Denise Visco, MD, MBA, discusses takeaway points from patient case #1 for post-operative inflammation management for routine cataract surgery.
Denise Visco, MD, MBA: The different perioperative treatment options for managing inflammation following cataract surgery discussed by the group included topical medications, intracameral medications, and subtenon injections, as well as intracanalicular dexamethasone. We looked at the pros and cons of each of these treatment regimens. We also looked at what the recent data shows as far as their efficacy in preventing CME [cystoid macular edema] and rebound iritis and inflammation after cataract surgery as well. The steroid formulations and regimens that are used in practice are prednisolone acetate, as well as the dexamethasone intracanalicular insert, intracameral DEXYCU [dexamethasone intraocular suspension]. The most effective delivery route for steroids was agreed to be topical prednisolone acetate.
We discussed in detail as well the recent ESCRS [European Society of Cataract and Refractive Surgeons] PREMED [PREvention of Macular EDema after cataract surgery] study [NCT01774474], which showed that combining topical steroids with topical NSAIDs decreases the risk of CME most effectively to roughly 1.5% with cataract surgery.
Finally, the group discussed adding intracameral phenolphthalein-ketorolac to the most effective combined topical, nonsteroidal with steroid. There are no studies that show the efficacy of this triple combination. However, studies showing intracameral phenylephrine-ketorolac with topical nonsteroidals decreases the cystoid macular edema risk rate to below 0.5%, which everyone was happy with. Our takeaway from this particular case was that we can’t get away from topicals yet, and in particular, topical nonsteroidal anti-inflammatory drops, combining topical nonsteroidal anti-inflammatory drops with intracameral phenylephrine-ketorolac yielded the lowest risk for CME, rebound iritis, and pain and inflammation with cataract surgery. However, most of the groups still felt most comfortable having a topical steroid on board for their perioperative cataract surgery management of pain and inflammation.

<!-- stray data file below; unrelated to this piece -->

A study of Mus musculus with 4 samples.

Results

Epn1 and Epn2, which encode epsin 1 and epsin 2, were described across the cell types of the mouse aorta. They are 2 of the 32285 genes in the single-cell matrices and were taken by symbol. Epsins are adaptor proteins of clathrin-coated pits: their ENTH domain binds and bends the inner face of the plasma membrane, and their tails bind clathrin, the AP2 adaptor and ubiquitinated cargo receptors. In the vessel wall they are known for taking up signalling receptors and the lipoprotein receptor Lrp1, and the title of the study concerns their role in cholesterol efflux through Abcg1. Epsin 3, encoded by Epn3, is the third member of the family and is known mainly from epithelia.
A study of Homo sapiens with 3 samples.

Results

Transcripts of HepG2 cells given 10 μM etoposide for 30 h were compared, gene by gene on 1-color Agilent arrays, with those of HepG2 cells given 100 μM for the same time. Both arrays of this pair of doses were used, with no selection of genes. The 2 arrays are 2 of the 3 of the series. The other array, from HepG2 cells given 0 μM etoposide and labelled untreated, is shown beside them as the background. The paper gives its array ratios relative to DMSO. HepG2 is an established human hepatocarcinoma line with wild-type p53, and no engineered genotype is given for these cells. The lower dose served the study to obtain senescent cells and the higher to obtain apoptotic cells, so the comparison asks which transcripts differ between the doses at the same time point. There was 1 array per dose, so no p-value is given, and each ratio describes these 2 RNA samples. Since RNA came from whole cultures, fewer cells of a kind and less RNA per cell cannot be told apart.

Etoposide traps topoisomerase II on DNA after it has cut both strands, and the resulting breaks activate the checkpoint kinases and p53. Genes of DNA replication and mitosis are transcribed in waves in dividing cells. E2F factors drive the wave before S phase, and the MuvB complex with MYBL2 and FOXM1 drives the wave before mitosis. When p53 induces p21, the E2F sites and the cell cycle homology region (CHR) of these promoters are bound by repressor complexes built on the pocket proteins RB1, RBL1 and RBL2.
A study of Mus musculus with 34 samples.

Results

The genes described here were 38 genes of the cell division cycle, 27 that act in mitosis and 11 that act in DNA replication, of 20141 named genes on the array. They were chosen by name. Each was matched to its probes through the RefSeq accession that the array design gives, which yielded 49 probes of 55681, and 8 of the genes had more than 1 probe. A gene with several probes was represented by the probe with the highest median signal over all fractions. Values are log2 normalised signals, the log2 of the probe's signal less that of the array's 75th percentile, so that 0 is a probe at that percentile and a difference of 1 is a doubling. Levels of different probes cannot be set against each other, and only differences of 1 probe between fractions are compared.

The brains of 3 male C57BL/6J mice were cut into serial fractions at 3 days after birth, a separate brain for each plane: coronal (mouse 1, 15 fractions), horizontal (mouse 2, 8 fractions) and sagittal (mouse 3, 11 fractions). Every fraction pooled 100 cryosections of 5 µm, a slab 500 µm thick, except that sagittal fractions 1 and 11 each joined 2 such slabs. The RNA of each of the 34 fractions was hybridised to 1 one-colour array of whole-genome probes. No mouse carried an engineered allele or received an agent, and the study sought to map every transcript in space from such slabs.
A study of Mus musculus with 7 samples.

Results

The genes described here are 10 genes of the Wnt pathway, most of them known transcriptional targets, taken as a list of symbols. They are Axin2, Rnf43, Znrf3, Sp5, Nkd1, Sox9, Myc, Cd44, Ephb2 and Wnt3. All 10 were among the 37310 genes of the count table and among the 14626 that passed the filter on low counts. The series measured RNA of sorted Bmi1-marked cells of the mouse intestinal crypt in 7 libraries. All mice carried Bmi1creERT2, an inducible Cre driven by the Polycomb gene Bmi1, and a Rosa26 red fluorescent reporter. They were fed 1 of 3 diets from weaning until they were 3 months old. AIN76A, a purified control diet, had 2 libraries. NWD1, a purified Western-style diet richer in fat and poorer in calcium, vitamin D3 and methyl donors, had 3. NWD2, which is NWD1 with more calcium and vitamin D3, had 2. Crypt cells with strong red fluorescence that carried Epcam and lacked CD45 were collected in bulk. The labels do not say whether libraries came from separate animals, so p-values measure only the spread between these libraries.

One of the studies that the group considered was a recent paper on a prospective study looking at whether combination topical nonsteroidal anti-inflammatory drops and steroids were superior at controlling early postoperative inflammation after cataract surgery compared with topical nonsteroidals alone, and also subtenon dexamethasone. What the study concluded was that no difference was found between the groups randomized to nonsteroidal monotherapy or the combination of nonsteroidal and steroid and controlling perioperative pain and inflammation with cataract surgery. However, the subtenon injection was inferior to both other protocols.
This particular study primarily looked at anterior chamber inflammation. That was one of the weaknesses, we felt, of the study, that it was focused on intersegment inflammation. And that doesn’t always translate to cystoid macular edema, pain, problems with iritis, and things like that after cataract surgery. That direct correlation with pain and inflammation was not there. But it was an impactful study in our discussion.